How It Happened Here Paperback – 7 Mar 2007
- Choose from over 13,000 locations across the UK
- Prime members get unlimited deliveries at no additional cost
- Find your preferred location and add it to your address book
- Dispatch to this address when you check out
Frequently bought together
Customers who viewed this item also viewed
Enter your mobile number or email address below and we'll send you a link to download the free Kindle App. Then you can start reading Kindle books on your smartphone, tablet, or computer - no Kindle device required.
To get the free app, enter your mobile phone number.
How It Happened Here tells the story of the making of a film and the subsequent reception that the film received and the controversy and alarm that it stirred up when it was first released. The film-makers were two teenagers (18 and 16) and they started out with no budget and a borrowed 16 mm camera. The project took 8 years to complete. Part of the book is a humorous and detailed account of how the boys overcame all the practical and financial hurdles of amateur film making and saw the project through to completion and national release. This in itself would qualify the book as a thoroughly entertaining read and a sound basis for a course in film making or media studies of any kind. But this was no ordinary film. Kevin and his co-director Andrew Mollo took as their theme the "what if?" idea of a conquered and occupied England, after a hypothetical defeat and invasion following the Dunkirk retreat.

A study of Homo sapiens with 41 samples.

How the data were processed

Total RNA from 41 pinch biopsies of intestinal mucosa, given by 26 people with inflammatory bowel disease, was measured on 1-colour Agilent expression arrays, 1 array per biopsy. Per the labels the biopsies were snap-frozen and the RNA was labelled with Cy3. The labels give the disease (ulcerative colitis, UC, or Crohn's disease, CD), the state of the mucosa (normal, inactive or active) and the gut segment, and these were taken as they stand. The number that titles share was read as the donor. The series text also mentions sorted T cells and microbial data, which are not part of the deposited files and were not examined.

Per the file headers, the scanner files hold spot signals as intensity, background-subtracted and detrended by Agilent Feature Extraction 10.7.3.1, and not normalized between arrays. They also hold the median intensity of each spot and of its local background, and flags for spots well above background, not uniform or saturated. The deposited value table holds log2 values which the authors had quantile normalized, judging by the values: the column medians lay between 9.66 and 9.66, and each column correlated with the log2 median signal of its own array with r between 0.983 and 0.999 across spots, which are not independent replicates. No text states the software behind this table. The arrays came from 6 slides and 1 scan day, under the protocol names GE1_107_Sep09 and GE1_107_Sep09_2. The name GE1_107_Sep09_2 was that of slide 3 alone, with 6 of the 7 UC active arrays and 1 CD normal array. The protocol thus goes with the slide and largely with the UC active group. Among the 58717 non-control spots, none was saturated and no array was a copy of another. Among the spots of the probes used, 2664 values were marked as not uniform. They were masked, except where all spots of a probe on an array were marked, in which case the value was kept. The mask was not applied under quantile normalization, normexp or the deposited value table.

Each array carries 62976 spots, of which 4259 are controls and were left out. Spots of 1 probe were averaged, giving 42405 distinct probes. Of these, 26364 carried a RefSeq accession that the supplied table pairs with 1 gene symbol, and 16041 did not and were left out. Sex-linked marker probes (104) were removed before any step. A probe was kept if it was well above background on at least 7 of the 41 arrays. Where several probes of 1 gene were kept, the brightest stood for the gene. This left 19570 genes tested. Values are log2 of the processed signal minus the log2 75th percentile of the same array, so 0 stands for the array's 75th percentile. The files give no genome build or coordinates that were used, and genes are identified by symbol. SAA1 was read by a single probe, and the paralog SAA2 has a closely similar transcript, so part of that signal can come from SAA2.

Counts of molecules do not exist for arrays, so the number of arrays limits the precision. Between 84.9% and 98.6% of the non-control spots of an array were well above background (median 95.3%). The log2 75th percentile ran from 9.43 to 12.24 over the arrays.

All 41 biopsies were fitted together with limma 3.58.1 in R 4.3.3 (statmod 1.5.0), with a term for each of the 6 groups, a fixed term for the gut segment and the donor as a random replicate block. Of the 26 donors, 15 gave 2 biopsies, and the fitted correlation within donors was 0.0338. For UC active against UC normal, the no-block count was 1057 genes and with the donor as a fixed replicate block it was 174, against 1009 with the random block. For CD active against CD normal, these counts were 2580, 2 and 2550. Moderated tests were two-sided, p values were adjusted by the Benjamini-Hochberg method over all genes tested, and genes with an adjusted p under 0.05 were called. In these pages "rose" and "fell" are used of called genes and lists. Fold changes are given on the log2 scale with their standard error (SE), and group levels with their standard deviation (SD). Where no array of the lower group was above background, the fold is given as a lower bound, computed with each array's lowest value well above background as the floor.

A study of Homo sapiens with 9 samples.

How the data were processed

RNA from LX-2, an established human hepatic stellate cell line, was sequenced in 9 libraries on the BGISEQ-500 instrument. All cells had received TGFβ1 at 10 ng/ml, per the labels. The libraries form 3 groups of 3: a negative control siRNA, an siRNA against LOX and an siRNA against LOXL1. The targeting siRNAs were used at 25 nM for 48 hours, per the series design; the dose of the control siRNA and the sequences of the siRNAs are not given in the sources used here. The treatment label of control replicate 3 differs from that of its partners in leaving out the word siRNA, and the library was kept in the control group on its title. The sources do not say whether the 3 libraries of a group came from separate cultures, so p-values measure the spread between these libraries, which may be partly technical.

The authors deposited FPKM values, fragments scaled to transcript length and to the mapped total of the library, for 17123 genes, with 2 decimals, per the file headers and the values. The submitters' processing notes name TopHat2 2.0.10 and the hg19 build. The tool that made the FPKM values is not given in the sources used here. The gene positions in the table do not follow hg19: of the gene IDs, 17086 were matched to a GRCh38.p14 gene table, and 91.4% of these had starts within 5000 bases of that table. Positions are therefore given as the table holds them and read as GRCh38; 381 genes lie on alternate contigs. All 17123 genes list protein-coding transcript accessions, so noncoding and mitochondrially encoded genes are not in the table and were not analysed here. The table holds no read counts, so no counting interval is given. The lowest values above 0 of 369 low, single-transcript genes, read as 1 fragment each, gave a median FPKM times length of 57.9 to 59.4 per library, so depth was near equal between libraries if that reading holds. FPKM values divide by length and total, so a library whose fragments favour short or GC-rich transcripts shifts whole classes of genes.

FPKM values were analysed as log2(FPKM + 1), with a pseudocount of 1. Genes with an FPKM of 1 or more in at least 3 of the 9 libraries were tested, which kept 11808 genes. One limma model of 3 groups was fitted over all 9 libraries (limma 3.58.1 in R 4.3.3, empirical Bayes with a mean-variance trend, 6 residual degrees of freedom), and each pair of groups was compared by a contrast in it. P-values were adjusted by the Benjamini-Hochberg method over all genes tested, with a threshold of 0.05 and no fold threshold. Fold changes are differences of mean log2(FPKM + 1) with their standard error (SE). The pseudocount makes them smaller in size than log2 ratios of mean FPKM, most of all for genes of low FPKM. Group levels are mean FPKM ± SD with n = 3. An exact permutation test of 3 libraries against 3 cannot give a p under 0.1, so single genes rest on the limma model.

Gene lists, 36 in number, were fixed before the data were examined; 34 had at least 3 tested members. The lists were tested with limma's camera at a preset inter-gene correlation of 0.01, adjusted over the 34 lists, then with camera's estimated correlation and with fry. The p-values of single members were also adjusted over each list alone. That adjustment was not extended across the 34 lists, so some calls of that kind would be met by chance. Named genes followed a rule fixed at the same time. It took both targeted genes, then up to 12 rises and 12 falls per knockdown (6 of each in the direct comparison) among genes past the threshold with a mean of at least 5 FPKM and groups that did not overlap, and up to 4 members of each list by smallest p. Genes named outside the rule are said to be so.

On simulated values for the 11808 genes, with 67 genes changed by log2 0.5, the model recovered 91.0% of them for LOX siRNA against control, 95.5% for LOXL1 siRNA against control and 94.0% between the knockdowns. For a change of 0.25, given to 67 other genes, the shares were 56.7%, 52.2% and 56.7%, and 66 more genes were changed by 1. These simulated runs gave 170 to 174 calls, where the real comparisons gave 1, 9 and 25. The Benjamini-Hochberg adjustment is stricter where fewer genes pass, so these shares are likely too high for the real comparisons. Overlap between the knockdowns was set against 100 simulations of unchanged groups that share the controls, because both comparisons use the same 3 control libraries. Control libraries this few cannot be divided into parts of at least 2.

Customers who bought this item also bought
Top customer reviews
There was a problem filtering reviews right now. Please try again later.
I did think that this book was a bit lightweight, given the complexity of the project, and the contentious nature of the subject matter, but there are plenty of useful photographs, so all in all, it is a good read, especially if you already know the film; if not, it should prove a good incentive to see the film, which is a very creditworthy effort for two young men of such tender years, especially given the period in which it was made.
I consumed this book in the space of one long train journey. By the time I had finished it
1) I really wanted to meet Kevin Brownlow because of the stories he probably missed out of HIHH
2) I knew vastly more about film-making than I did before I started the book.
Kevin Brownlow comes across as one of Nature's gentlemen: the story he tells is principled; unassuming; generous in its praise for those who helped him and remarkably restrained in its condemnation of those who hindered.
It's a very funny book too in its own way and certainly one of the best film memoirs I have ever read.
By the end of the book my admiration for Brownlow and his co-director Andrew Mollo was very deep.
The only irritating thing about the story is that their marathon dedication certainly left me unsettlingly aware of my own shortcomings in terms of perseverance
Would you like to see more reviews about this item?